If things are going well and you are enjoying running your business, you should naturally feel motivated. But what happens when things start to go wrong or the pressure starts to mount? What should you do if your motivation levels lessen significantly?

Simon Kilpatrick

“Long hours; heavy workload; unhealthy work-life balance; feeling isolated; problems with staff, suppliers or customers; cash flow worries; poor sales; personal problems - all of these things and more can de-motivate small-business owners,” explains business psychologist Simon Kilpatrick, CEO of Sheffield-based Intrinsic Links, which helps small businesses to build productive teams and keep them motivated.

Kilpatrick defines motivation as “factors that make us behave in a certain way or encourage us to try to achieve goals”. Some are intrinsic/internal, such as enjoying a task or job satisfaction, while others are extrinsic/external (“performed to gain rewards, commonly, pay”). Most people are driven by both, says Kilpatrick (“we enjoy our jobs or aspects of our work, while needing to earn money to live”).

Motivating factors

If running your business is mostly interesting and enjoyable, you should be more intrinsically motivated, Kilpatrick adds. “And if you have a supportive team you should be motivated to work with them to drive the business forward, and they should be motivated to work with you, too.”

Other factors that can affect your motivation levels include your beliefs and values, your resilience and your general levels of health and well-being. “If you have a healthy diet, get enough sleep, take some exercise, take time to relax and enough time off from your business, you should be happier and more motivated to achieve your goals. If your life-style is unhealthier, this may make lower your mood lower and motivation.”

Our motivation levels can fluctuate, whether hour-to-hour, day-to-day or week-to-week, this is normal, says Kilpatrick. “Some people have higher motivation levels on a Monday after being off for the weekend, while others feel more motivated on other days. Motivation levels can be higher in the mornings, afternoons or evenings - people are different.

“Even the weather or time of year can affect our mood and motivation. Owners usually feel extremely motivated when starting their own business, which can decrease over time, although motivation levels increase for others as their business grows, it depends.”

Key dangers

If your motivation dips significantly and stays that way, it can damage your business’s productivity, efficiency, sales and profitability, as well as the productivity and morale of others who work with you. Kilpatrick adds: “Feeling de-motivated and getting less done can increase your stress or anxiety levels, and even make you feel depressed, which can affect your personal relationships inside and outside the business.

“It can also become a vicious cycle: as you become more de-motivated, you become less happy and productive; which de-motivates your further, and so on. The tell-tale signs of being highly de-motivated include: continually avoiding certain tasks; being constantly irritable or moody; a serious decline in the quality of your work or output; taking random days off or being less punctual.”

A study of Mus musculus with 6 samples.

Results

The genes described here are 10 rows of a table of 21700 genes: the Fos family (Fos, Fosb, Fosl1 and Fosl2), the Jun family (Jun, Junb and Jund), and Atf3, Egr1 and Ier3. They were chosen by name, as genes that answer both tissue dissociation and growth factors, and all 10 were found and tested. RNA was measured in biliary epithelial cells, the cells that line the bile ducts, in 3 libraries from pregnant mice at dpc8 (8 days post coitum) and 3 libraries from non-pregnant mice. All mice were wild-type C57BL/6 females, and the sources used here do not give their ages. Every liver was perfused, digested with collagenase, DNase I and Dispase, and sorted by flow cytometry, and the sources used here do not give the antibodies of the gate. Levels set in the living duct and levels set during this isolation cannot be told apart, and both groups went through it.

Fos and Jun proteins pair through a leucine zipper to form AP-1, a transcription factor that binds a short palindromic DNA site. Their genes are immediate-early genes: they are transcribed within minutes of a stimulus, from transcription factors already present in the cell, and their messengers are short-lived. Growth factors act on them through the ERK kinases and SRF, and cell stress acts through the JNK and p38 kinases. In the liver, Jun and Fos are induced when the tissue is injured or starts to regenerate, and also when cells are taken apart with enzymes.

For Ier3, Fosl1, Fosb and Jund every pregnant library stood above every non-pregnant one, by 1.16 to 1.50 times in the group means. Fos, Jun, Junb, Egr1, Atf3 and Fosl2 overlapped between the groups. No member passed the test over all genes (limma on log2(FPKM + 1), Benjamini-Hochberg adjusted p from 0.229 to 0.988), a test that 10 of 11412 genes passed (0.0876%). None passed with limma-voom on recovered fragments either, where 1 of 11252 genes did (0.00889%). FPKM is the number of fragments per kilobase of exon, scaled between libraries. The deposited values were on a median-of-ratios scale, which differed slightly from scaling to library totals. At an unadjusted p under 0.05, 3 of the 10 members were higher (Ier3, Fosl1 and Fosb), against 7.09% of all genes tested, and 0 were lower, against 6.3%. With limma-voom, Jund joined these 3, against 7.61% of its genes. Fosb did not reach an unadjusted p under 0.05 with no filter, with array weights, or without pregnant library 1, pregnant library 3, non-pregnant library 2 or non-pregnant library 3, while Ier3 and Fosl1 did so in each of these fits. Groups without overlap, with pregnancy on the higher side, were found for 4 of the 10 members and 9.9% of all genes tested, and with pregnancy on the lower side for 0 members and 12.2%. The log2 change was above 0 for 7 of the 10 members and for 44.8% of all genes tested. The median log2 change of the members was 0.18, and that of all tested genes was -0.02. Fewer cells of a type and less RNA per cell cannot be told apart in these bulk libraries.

Re-motivate yourself

If you seriously lack motivation and don’t take time to understand why, so you can make changes, you may never properly regain your motivation. “And that could have serious implications for you, your business, your customers and staff,” Kilpatrick warns.

To re-motivate yourself, first you must better understand why you’re de-motivated, Kilpatrick advises, only then can you address the causes and regain your motivation. “Are you working too hard or not earning enough? Maybe you don’t feel your contribution is recognised? Your working environment could be de-motivating you and others? Ask yourself what is sapping your motivation and how can you change things?”

Reminding yourself of your goals can re-energise you, says Kilpatrick. “You might need to set new goals for you and your business, to provide new direction and purpose. Maybe you need to pay yourself more or give yourself a better work-life balance. Perhaps you could outsource certain tasks or give more responsibility to others, freeing you up to focus on things you enjoy or areas where you can contribute more value to your business.”

Food for thought

Mark Hodges and his wife Laura have owned and run The Tollgate pub and restaurant in the Wiltshire village of Holt since 2012. “Shortage of good kitchen staff is an issue for us at the moment. There’s massive shortage of commis chefs in the hospitality trade,” he reveals.

Hodges says long hours don’t diminish his motivation. “I’m used to it,” he smiles. “Days can be long, but as long as we’re busy, I enjoy it. Quiet times are a different issue, but, thankfully, they’re rare. Rising costs are another big challenge for hospitality businesses like mine.”

What about rude customers? “I don’t let them affect how I feel,” Hodges replies. “And mostly we get excellent online reviews, but the odd nasty, undeserved ones do annoy me. We’ve had them from people who’ve never actually set foot in our restaurant.”

Customer focus

Although Hodges says he never becomes de-motivated. “I enjoy what I do. I’m motivated by love for my work and the fact I run my own business. Obviously, we have to make enough to keep the business going and pay wages for my staff and myself, but I’m also motivated by wanting to achieve good things and make customers happy.

“You can’t be downbeat when you work in hospitality and come into contact with customers, you must be positive, warm and friendly. Customers come here to enjoy a few drinks and a lovely meal, not to look at staff with miserable faces.”